In the UK and Europe, a summer like no other – RBC Wealth Management

by | Aug 12, 2022


Despite reducing its dependence on Russian gas imports to 15 percent of total consumption compared to 40 percent last winter, the EU remains in a precarious position. Natural gas prices surged to more than €200 per megawatt-hour at the end of July—twice the average price during the first half of 2022, and close to ten times the average from 2015 to 2022—as Russia again reduced natural gas deliveries via the Nord Stream 1 pipeline to 20 percent of capacity. We estimate these additional energy costs could represent as much as of three percent of the bloc’s 2021 GDP

In an effort to lessen the risk of shortages, the EU member states agreed to reduce gas consumption some 10 percent by March 2023. Participation in the plan, which allows for country-specific targets, is on a voluntary basis for now, but may become compulsory in the case of a region-wide emergency. Spain, for example, intends to reduce consumption by seven percent, and will require businesses to limit their heating and cooling (air conditioning set no lower than 27 C in summer and heating not to exceed 19 C this winter).

Many businesses are adapting, switching to other fuels, and substituting local production for imports where possible. For example, the CEO of German multinational chemical company BASF stated that the company could replace 15 percent of the natural gas used to generate electricity and steam with heating oil. And steel manufacturer ArcelorMittal is now buying metal inputs for one of its mills from a sister plant in Canada that has access to cheaper energy.

Reducing natural gas consumption today could reduce the risk of abrupt shutdowns during the winter, though the success of this effort will likely depend on both Russia’s gas export strategy and the severity of the season. If Russia maintains very low levels of gas deliveries, the EU will likely speed up its energy substitution and transition processes, weakening Russia’s leverage over the region.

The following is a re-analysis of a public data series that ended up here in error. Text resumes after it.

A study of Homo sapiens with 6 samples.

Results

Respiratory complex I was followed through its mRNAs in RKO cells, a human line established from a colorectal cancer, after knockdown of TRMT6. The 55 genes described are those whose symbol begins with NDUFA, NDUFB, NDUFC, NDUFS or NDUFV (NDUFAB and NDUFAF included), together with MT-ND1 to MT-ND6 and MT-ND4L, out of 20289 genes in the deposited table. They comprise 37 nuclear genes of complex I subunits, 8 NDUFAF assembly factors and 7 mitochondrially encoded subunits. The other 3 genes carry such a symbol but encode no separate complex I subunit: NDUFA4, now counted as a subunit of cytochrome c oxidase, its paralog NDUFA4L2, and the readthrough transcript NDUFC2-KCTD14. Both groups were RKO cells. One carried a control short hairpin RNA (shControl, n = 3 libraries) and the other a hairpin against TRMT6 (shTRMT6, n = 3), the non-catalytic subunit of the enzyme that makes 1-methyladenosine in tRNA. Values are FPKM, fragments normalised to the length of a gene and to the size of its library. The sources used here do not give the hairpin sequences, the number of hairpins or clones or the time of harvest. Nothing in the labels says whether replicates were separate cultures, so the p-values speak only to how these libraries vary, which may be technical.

The Italian job

Italy faces fresh elections on Sept. 25 following the resignation of centrist technocrat Prime Minister Mario Draghi. He had brought economic credibility to the country, pushing through reforms required for the country to receive €200 billion (five percent of GDP) from the EU’s COVID-19 recovery fund.

Opinion polls suggest a coalition of three right-wing parties, which largely share similar Eurosceptic and populist views, is likely. Tax cuts and more spending are being discussed. Such a policy course would swell the national debt load—already at 150 percent of GDP. Against the backdrop of rising interest rates, this prospect has alarmed investors; yield spreads, or the gap between the yields on Italian and German 10-year government bonds, widened before stabilising.

Despite the current rhetoric, we think the new government is likely to avoid a confrontation with Brussels and deliver necessary reforms in order to access EU rescue funds. The European Central Bank has been clear that it would not intervene should Italy plunge into a crisis of its own making due to a Eurosceptic government reneging on its commitments to the EU. The situation bears monitoring.

Portfolio positioning

Despite Europe being very exposed to the fallout from the Russia-Ukraine war, the European stock market has performed broadly in line with the S&P 500 in local terms so far this year. With the region’s economy slowing while the European Central Bank raises rates, the risk of policy error is not negligible. We would focus on opportunities linked to decarbonisation and the green economy, where the EU remains a leader. As for the UK, with clouds continuing to gather on the horizon, we are focused on companies which generate the majority of their revenue abroad.